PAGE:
Global snack sales totalled $374 billion annually ending March 2014—an increase of 2 percent year-on-year. That’s because more consumers are snacking today than ever before and snacking more frequently. In fact, it’s estimated that on average, 24 percent of our daily calorie intake comes from snacks. With nearly one in four calories consumed outside a meal, the snack is no longer just a treat; it’s become a fourth meal.
As public scrutiny of food manufacturers continues to escalate and consumers increasingly turn to social media to voice complaints, snack processors have become more reliant on food inspection equipment to protect consumers and reduce the risk of brand-damaging product recalls in order to stay ahead of their rivals.
However, many snack applications can prove challenging for traditional product inspection equipment.
Why Are Snacks Such a Challenge to Inspect?
The unique challenges manufacturers face when striving to produce safe and quality-assured snacks can be summarized in the following issues.
Variety of potential contaminants. Often snacks contain a wide variety of ingredients that are all open to different types of contaminants. Fruits, vegetables, and nuts may be contaminated with stones or a piece of wire from the farm, while dairy products can be suspect to metal or plastics from processing.
High salt content of products. Many snacks, such as nuts and potato chips, contain high doses of salt and are conductive. When they pass through a metal detector, they can create a disturbance of the detection field, triggering false rejects. Product temperature and moisture content can also affect a metal detector’s detection sensitivity.
Metal packaging. Metalized film and foil are used to package various snacks, including energy bars and chocolate. Inspecting these products using metal detectors can lead to reductions in the level of achievable sensitivity. In some cases, if the metalized film is especially thick, it’s preferable to inspect products before packing.
Variations in product density. Many snacks, such as bags of trail mix and granola bars, contain high variations in density because of the multitude of ingredients. Finding physical contaminants in these products can prove challenging for traditional X-ray inspection systems as the varying densities create “busy” X-ray images.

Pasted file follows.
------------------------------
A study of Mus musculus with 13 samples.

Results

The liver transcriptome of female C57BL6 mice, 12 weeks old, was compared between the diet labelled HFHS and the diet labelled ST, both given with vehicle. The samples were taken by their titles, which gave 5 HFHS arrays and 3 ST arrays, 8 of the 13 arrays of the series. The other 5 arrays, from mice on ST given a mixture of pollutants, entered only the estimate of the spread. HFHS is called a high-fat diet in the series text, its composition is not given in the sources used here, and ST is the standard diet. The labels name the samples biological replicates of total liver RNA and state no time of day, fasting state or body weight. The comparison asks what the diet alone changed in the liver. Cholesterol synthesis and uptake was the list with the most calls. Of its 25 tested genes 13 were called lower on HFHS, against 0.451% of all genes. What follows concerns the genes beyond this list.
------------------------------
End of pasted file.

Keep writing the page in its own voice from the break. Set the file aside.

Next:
Contaminants similar to product. Color and hand sorting are frequently used to remove rocks and other visual defects from loose flow bulk snacks foods, such as almonds, but neither method is entirely accurate as stones are similar in shape and color to the product. Visual inspection methods are also limited to the top layer, which means anything that can’t be seen, won’t be identified or removed.
Quality assurance. Proper portioning and seal integrity are another two major concerns for snack manufacturers. Individual bars and boxes with multiple bars can be underweight, overweight, deformed, or broken. Additionally, during the sealing process, bits of food can get trapped in product seals, creating a faulty seal and causing food spoilage. To overcome such issues, manufacturers have traditionally installed a range of inspection equipment on their production lines, including checkweighers, metal detectors, and vision systems.
Metal Detection vs. X-ray Inspection
Different snacks and packaging types require different product inspection solutions and selecting the right system is crucial to guarantee maximum detection sensitivity and high throughput.
In many cases, there’s only one suitable solution (metal detection or X-ray inspection) and in many others, either technology could be used. Occasions also exist where it may be necessary to install both technologies at different Critical Control Points (CCPs) on the same line.
Metal detection. For cost-effectiveness, metal detectors usually offer the best solution when looking to detect ferrous and non-ferrous metal, stainless steel, and aluminium contaminants. A metal detection search head also takes up less space than an X-ray inspection system. This means that for applications where installation space is limited and metal is the only likely contaminant, a metal detector may be the best option.